I have an individual recorded as having been born aboard a ship while travelling from Norway to the United States. As far as location goes what is the correct way to document this birth?
Among my immigrant ancestors, I have two instances where the date on which the birth was officially registered (after arrival) appears to conflict with the asserted date of the event.
To explain the difference I have a copy of the passenger list to which the infant's name has been added (with the contemporaneous annotation "Born on voyage dd/mm/yy"). The event was sufficiently common on voyages from Europe to Australia for a standard practice to develop. This often included giving the new-born the name of the ship.
If you can gain access to extracts from the ship's log, you can narrow down the location of the birth in a way that adds colour to your family history. In the nineteenth century, when a ship arrived Australian newspapers commonly published a summary of the major events of its passage.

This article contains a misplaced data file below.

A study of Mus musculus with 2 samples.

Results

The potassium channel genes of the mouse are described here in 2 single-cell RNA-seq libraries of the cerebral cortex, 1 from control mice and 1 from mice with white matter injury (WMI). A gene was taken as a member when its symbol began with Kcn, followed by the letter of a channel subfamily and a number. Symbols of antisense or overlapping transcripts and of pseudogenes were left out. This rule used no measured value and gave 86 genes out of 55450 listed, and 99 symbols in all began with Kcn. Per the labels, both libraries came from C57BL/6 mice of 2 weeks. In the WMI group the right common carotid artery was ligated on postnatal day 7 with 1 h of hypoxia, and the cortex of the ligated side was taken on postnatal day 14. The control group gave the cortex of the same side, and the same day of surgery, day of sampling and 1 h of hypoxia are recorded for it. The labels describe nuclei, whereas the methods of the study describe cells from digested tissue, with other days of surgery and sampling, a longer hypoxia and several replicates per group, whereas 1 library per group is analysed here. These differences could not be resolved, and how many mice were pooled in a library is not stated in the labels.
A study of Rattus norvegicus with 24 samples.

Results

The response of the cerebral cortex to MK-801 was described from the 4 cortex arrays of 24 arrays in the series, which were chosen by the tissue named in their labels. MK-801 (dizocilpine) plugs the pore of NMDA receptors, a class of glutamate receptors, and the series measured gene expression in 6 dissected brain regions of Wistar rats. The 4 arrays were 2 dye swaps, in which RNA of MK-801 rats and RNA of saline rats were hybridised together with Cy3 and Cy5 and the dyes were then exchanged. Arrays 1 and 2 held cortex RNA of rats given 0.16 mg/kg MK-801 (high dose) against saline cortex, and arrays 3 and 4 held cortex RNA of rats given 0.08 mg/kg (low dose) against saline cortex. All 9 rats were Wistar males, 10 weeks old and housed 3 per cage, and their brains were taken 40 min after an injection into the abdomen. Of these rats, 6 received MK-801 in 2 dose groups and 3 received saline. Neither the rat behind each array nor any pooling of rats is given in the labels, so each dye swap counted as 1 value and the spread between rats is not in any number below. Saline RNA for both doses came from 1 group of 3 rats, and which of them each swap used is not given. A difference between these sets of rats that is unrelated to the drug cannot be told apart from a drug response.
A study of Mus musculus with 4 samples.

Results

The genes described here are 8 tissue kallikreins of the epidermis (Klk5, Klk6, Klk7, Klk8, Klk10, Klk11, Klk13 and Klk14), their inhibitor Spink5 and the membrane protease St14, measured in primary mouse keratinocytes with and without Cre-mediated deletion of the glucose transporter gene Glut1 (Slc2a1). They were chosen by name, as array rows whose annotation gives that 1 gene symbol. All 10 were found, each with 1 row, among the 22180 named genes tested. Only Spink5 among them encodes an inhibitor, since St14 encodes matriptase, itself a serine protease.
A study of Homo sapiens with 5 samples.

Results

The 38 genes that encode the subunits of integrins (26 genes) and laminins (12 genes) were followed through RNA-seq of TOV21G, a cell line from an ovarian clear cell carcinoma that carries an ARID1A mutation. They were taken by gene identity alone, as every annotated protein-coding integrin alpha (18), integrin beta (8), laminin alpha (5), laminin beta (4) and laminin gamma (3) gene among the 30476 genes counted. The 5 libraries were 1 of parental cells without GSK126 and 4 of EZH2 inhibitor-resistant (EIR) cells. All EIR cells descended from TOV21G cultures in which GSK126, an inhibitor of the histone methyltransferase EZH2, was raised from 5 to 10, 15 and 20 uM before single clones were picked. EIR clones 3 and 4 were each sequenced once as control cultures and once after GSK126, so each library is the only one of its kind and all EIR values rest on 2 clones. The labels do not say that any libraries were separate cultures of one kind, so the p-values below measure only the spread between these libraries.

Brings new meaning to a "water birth."
For most questions, "How should I document ...?" there is more than one consideration.
- Record the source(s) of the information about the birth. This might be a birth record, a delayed birth record, census record, death record, etc. As part of recording the source, I keep a note of the specific specific information that was provided by each source (as it was there provided); this might include the name of the ship, port of departure and arrival, etc., all depending on what the source actually reported.
- Record the event based on your understanding of the details. I would probably record the place name as "at sea"; if I had the name of the ship, I would likely report that as a location detail.
There may be other considerations/modifications that are software specific. Among these you might review the structure of the birth sentence, especially the for the prepositions, "in" or "at," that would appear before the place name and/or location detail.